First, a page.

King Pu-tsung berates media over ‘Watergate’

NOT ACCURATE::The nation’s representative said a US newspaper’s article did not refer to the current political turmoil as Watergate, as some local media had reported

By Nadia Tsao, Lin Chun-hung and Stacy Hsu  /  Staff reporter in WASHINGTON, with staff writer and CNA

Sun, Sep 22, 2013 - Page 1

Representative to the US King Pu-tsung (金溥聰) yesterday quoted the author of a Washington Post report on the alleged improper lobbying case involving Legislative Speaker Wang Jin-pyng (王金平) as saying that some local media had twisted his words by saying the article equated the case with the 1972 to 1974 Watergate scandal in the US, which involved taped White House conversations and led to the resignation of then-US president Richard Nixon.

“The Washington Post report did not directly refer to or describe the incident [the alleged improper lobbying case] as ‘Taiwan’s Watergate.’ It merely stated that the country’s opposition party, with which Wang had good ties, has criticized President Ma Ying-jeou (馬英九) for his handling of the investigation into the incident,” King said at a press conference on Friday.

The press conference was called shortly after the Taipei Economic and Cultural Representative Office received an e-mail from the report’s author, William Wan, in response to a letter it sent to him a few days earlier to explain the differences between the two cases.

Wan, a Beijing-based correspondent for the English-language newspaper, wrote in a Sept. 12 article: “Wang also had good ties with Taiwan’s opposition party, which has criticized Ma for his handling of the investigation and referred to the wiretapping scandal as ‘Taiwan’s Watergate.’”

Recent reports by FTV News and the Chinese-language Apple Daily newspaper have misattributed the term to the article, while in fact it was derived from the slogan of a placard hung on the wall of a conference room when Democratic Progressive Party caucus whip Ker Chien-ming (柯建銘) held a press conference on Sept. 9 to clear up the allegations, King said.

“Distorting foreign press reports and misattributing information are detrimental to Taiwan’s image and the representative office feels obligated to clarify the incident,” King said.

The allegations were brought by the Supreme Prosecutors’ Office Special Investigation Division (SID) earlier this month, which accused Wang of lobbying former minister of justice Tseng Yung-fu (曾勇夫) and Taiwan High Prosecutors’ Office Head Prosecutor Chen Shou-huang (陳守煌) not to appeal a non-guilty verdict in a breach of trust case against Ker.

The opposition parties have cast doubts on the legitimacy and motives of the division’s wiretapping of Ker, drawing parallels between the case and the Watergate scandal.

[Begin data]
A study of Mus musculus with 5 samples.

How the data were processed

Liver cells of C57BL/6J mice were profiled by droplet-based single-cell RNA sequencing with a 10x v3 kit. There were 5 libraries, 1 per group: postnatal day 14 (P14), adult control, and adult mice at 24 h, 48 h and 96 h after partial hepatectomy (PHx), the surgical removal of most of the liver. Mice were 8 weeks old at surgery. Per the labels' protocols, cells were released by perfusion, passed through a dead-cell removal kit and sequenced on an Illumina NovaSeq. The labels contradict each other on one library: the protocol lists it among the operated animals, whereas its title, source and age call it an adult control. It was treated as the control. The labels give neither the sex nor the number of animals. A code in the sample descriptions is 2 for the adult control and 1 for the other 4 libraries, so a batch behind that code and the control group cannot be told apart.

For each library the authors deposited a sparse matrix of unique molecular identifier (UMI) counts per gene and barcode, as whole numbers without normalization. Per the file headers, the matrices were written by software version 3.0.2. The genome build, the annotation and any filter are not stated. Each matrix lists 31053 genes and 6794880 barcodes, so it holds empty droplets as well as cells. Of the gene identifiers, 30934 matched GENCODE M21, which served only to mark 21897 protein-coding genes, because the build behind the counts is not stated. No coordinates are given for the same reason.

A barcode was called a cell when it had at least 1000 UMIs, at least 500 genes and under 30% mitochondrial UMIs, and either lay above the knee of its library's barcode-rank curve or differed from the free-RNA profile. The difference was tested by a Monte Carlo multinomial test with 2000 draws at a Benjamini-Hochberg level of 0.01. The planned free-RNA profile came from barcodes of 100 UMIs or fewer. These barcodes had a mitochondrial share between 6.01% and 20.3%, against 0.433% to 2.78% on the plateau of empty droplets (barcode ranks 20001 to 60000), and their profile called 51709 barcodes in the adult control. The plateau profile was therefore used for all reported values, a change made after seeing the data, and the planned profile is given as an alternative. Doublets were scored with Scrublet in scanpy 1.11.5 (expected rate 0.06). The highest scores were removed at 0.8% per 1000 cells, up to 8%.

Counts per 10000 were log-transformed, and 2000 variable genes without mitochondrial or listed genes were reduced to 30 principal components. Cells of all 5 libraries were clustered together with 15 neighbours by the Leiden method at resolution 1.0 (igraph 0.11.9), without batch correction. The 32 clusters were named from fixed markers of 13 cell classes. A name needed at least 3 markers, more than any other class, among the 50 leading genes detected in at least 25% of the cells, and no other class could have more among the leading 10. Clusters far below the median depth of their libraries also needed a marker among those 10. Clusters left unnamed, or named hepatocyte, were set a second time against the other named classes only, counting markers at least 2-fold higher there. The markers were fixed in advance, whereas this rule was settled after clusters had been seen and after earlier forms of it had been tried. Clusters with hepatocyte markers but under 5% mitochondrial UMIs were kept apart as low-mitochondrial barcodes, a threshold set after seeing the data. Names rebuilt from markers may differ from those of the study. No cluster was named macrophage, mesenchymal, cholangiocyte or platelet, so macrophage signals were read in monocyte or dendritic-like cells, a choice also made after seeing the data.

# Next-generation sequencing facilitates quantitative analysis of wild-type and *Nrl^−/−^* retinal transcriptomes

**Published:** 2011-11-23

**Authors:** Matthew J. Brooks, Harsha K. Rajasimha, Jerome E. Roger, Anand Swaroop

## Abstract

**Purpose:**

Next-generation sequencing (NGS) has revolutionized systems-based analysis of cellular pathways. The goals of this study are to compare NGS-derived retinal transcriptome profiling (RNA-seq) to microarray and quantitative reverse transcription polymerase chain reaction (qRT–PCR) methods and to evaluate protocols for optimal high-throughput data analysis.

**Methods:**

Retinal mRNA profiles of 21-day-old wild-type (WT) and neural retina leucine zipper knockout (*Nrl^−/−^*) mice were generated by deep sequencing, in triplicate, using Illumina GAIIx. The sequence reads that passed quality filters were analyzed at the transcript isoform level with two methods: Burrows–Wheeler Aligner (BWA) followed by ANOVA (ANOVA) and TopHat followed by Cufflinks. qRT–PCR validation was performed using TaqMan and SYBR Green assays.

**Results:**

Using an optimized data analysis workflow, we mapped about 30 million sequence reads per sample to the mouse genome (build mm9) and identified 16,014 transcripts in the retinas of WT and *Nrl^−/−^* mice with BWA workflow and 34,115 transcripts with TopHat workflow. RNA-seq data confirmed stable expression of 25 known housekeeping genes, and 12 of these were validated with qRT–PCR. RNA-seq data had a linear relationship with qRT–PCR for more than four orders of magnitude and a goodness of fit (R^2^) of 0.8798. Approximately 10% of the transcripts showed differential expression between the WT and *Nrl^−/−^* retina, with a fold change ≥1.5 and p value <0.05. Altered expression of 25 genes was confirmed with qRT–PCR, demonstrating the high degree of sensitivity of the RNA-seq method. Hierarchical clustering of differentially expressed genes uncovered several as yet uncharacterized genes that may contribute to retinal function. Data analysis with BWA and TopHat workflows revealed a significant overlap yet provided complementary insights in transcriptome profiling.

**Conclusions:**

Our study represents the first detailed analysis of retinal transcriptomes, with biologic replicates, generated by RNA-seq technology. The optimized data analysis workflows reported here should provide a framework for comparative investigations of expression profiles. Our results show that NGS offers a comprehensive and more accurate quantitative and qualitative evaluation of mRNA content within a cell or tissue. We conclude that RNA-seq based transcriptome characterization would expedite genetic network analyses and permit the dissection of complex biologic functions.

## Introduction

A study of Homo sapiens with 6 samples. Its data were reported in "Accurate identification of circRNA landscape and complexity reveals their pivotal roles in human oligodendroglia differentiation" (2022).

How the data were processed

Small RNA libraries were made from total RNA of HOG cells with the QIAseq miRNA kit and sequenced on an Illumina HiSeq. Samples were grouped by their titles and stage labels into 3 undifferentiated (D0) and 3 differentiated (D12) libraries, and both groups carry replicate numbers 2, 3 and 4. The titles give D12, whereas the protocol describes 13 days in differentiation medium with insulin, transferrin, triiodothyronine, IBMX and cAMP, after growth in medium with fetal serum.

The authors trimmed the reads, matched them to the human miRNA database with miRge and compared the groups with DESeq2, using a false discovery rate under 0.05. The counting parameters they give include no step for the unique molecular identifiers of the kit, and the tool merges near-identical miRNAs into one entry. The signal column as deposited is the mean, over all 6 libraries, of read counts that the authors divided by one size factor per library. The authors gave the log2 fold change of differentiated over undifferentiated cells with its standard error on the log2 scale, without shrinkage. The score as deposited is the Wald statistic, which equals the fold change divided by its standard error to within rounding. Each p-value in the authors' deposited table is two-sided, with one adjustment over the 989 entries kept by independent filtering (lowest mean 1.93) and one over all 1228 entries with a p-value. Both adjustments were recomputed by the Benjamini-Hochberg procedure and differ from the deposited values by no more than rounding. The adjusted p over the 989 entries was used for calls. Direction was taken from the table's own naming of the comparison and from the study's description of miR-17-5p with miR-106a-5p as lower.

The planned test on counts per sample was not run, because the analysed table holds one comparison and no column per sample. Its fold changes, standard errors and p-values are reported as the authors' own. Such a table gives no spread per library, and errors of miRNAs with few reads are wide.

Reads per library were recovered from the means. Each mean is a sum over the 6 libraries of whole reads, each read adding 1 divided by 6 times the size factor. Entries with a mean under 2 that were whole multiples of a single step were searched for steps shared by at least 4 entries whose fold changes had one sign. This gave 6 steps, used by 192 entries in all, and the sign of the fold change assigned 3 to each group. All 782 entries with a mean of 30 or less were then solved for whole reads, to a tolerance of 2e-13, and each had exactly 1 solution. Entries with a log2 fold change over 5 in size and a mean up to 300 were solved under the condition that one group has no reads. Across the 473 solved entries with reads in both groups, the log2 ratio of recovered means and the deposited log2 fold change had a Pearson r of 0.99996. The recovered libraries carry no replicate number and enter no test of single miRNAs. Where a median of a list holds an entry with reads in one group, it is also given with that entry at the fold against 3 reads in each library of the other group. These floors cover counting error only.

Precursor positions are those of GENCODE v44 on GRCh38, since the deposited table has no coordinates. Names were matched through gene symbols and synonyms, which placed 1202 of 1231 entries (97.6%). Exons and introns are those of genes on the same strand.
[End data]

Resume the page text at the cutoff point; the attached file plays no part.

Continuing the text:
It is the second time that King has defended the division’s handling of the case, after he said at a monthly meeting with Washington-based reporters on Thursday that the comparisons between the case and the Watergate scandal were unsubstantiated.

“I have assured the US that no illegal wiretapping was used in the SID’s investigation into the alleged improper lobbying case. The wiretap on Ker was conducted based on a court-issued warrant as part of the division’s efforts to investigate potential criminal offenses,” King said at the meeting.

King said he had sent an 11-page report to the US to clear up allegations of misconduct on the division’s part in the case, which he said was the exact opposite of the Watergate scandal, because the division had made public the transcript of a wiretapped telephone conversation between Wang and Ker. Nixon had initially refused to release the taped recordings of White House conversations.

However, King’s defensive statements about the case have sparked fury among members of the Judicial Reform Foundation.

Foundation executive director Lin Feng-jeng (林峰正) said King had deliberately turned a blind eye to and played down the division’s perceived irregularities, which had been met with severe public criticism and underlined flaws in the nation’s judicial system.

Joseph Lin (林永頌), an attorney and a board member at the foundation, said King had clearly confused his status as a Republic of China diplomat with his position as former secretary-general of the Chinese Nationalist Party (KMT), of which Ma is chairman.

“It’s debatable whether a diplomat should be involved in a political rift between the president and the legislative speaker. I’m afraid King has no idea what his job entails, otherwise he wouldn’t have commented on the matter before the Control Yuan and the Ministry of Justice’s prosecutor evaluation committee conclude their investigations into the case,” Lin said.